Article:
UK PM May says her Chequers plan on Brexit is not dead

by Abel Hampton July 18, 2018, 0:43
UK PM May says her Chequers plan on Brexit is not dead

Fresh from her pyrrhic victory yesterday, the Prime Minister is to go head-to-head with Remainers over another Brexit bill - this time on trade - and her decision to start MPs' summer holiday on Thursday this week, instead of Tuesday next week.

Pro-EU Labour MP Chuka Umunna hit out at Labour Brexiteers who opposed the customs union amendment, saying: 'It's very disappointing and our communities will question why Labour MPs are jeopardising jobs'.

The prime minister avoided all-out Tory civil war and the wrath of the Eurosceptic wing of the party less than 24 hours after she capitulated to concessions that they believed had killed off her Chequers plan.

The government narrowly won votes on the bill despite a rebellion by pro-EU Tories angry at the changes.

Former Education Secretary Justine Greening, also a Conservative, said the U.K. Parliament was "gridlocked" over the divisive issue.

Justine Greening, an ex-Education Secretary who quit the government in January, said May's negotiating strategy would neither please those who wanted a clean break with the European Union nor those who opposed Brexit altogether. The government, which does not have a Commons majority, has been under pressure from MPs on both sides of the Brexit debate.

Tuesday was also the second day running May faced revolt from backbench Tory lawmakers, after they failed on Monday by three votes to enact changes to a crucial post-Brexit customs bill.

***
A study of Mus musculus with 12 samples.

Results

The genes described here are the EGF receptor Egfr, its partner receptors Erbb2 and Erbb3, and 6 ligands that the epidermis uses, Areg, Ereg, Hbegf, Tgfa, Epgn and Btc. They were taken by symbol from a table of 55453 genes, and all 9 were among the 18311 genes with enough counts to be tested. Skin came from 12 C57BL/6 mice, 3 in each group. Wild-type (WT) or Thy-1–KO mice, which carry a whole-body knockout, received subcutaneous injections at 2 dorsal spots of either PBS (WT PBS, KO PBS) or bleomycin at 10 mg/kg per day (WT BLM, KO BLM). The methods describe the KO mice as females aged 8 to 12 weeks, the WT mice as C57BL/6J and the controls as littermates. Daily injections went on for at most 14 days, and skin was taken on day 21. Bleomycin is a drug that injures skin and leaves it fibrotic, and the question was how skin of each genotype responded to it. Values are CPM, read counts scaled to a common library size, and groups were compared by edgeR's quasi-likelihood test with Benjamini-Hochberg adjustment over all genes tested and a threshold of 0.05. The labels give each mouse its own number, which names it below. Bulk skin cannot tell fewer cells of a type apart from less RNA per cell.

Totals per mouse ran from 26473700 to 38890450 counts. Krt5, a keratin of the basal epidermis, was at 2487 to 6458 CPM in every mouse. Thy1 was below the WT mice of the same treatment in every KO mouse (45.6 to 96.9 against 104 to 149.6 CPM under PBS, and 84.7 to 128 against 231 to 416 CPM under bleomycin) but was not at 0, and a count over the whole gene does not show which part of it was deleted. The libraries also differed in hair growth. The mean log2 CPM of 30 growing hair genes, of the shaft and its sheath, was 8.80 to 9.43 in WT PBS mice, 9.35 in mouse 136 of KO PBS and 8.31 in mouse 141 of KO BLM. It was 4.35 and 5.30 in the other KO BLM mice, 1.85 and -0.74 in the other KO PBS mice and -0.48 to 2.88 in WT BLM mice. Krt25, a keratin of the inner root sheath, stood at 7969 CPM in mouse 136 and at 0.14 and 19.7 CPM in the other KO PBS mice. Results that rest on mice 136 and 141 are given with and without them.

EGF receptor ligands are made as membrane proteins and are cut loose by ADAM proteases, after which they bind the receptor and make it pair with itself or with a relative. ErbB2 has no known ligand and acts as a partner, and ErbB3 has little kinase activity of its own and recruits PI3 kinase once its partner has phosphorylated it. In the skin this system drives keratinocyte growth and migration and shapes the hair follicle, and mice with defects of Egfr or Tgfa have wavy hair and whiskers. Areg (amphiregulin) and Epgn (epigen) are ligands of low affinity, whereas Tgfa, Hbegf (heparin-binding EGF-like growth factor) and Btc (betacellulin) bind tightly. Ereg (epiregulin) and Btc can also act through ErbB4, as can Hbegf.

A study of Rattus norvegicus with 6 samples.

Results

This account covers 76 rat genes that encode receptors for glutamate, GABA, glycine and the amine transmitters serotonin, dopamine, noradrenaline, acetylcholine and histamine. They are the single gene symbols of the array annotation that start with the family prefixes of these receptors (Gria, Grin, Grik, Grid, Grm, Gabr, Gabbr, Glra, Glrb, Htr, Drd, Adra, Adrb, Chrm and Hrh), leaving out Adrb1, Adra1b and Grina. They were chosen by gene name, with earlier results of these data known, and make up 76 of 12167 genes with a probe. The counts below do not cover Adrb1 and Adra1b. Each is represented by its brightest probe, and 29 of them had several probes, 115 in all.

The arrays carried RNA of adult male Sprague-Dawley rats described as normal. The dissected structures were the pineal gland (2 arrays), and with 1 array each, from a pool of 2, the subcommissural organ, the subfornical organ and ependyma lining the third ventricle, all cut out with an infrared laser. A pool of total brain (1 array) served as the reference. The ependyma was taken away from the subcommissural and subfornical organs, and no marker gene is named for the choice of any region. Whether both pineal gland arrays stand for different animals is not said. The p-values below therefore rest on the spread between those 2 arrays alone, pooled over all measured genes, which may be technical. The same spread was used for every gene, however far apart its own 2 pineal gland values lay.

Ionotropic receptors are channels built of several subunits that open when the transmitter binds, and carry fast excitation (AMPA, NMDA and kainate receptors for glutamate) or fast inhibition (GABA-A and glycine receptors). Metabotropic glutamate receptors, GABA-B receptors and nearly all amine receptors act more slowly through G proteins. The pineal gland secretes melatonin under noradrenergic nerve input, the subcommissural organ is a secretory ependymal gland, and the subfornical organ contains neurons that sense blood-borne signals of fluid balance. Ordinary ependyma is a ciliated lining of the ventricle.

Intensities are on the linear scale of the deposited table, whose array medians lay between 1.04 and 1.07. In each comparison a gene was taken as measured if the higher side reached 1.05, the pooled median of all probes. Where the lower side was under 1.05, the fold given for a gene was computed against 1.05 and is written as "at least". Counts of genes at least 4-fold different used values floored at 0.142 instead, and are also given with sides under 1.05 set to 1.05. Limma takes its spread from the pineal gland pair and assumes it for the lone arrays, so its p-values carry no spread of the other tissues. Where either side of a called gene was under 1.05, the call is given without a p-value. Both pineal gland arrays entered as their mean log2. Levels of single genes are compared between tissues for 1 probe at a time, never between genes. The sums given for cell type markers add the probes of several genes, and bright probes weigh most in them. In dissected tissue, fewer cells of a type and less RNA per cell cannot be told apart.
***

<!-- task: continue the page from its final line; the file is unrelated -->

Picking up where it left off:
The BBC reports that defence minister Guto Bebb "resigned so he could vote against the government", adding yet another minister to the growing list of resignations.

That, in turn, will prove the PM with a clear sense of how many MPs would be willing to vote against a final Brexit agreement this Autumn - so it's a big deal. Unless the Article 50 period is extended-which requires the consent of European Union member states-the United Kingdom will leave the European Union next March.

Green Party co-leader Caroline Lucas, a leading supporter of the People's Vote campaign for a second referendum, said Brexit had "sunk further into the Westminster quagmire".

Another Conservative Party legislator, Anna Soubry, who opposes the "hard" Brexit that would see Britain leave the European Union without a trade deal in place, said the government's acceptance of the four amendments mean that Rees-Mogg is now effectively "running Britain".

Tomorrow is shaping up to be "super Wednesday" for Theresa May as she attempts to shore up her position ahead of the parliamentary summer break.

Eurosceptics will have a chance to show their strength in the House of Commons late Monday by voting on amendments to a bill setting up a new customs regime after Brexit, which would effectively wreck May's plan.

Our Brexit Insider Facebook group is the best place for up-to-date news and analysis about Britain's departure from the European Union, direct from Business Insider's political reporters.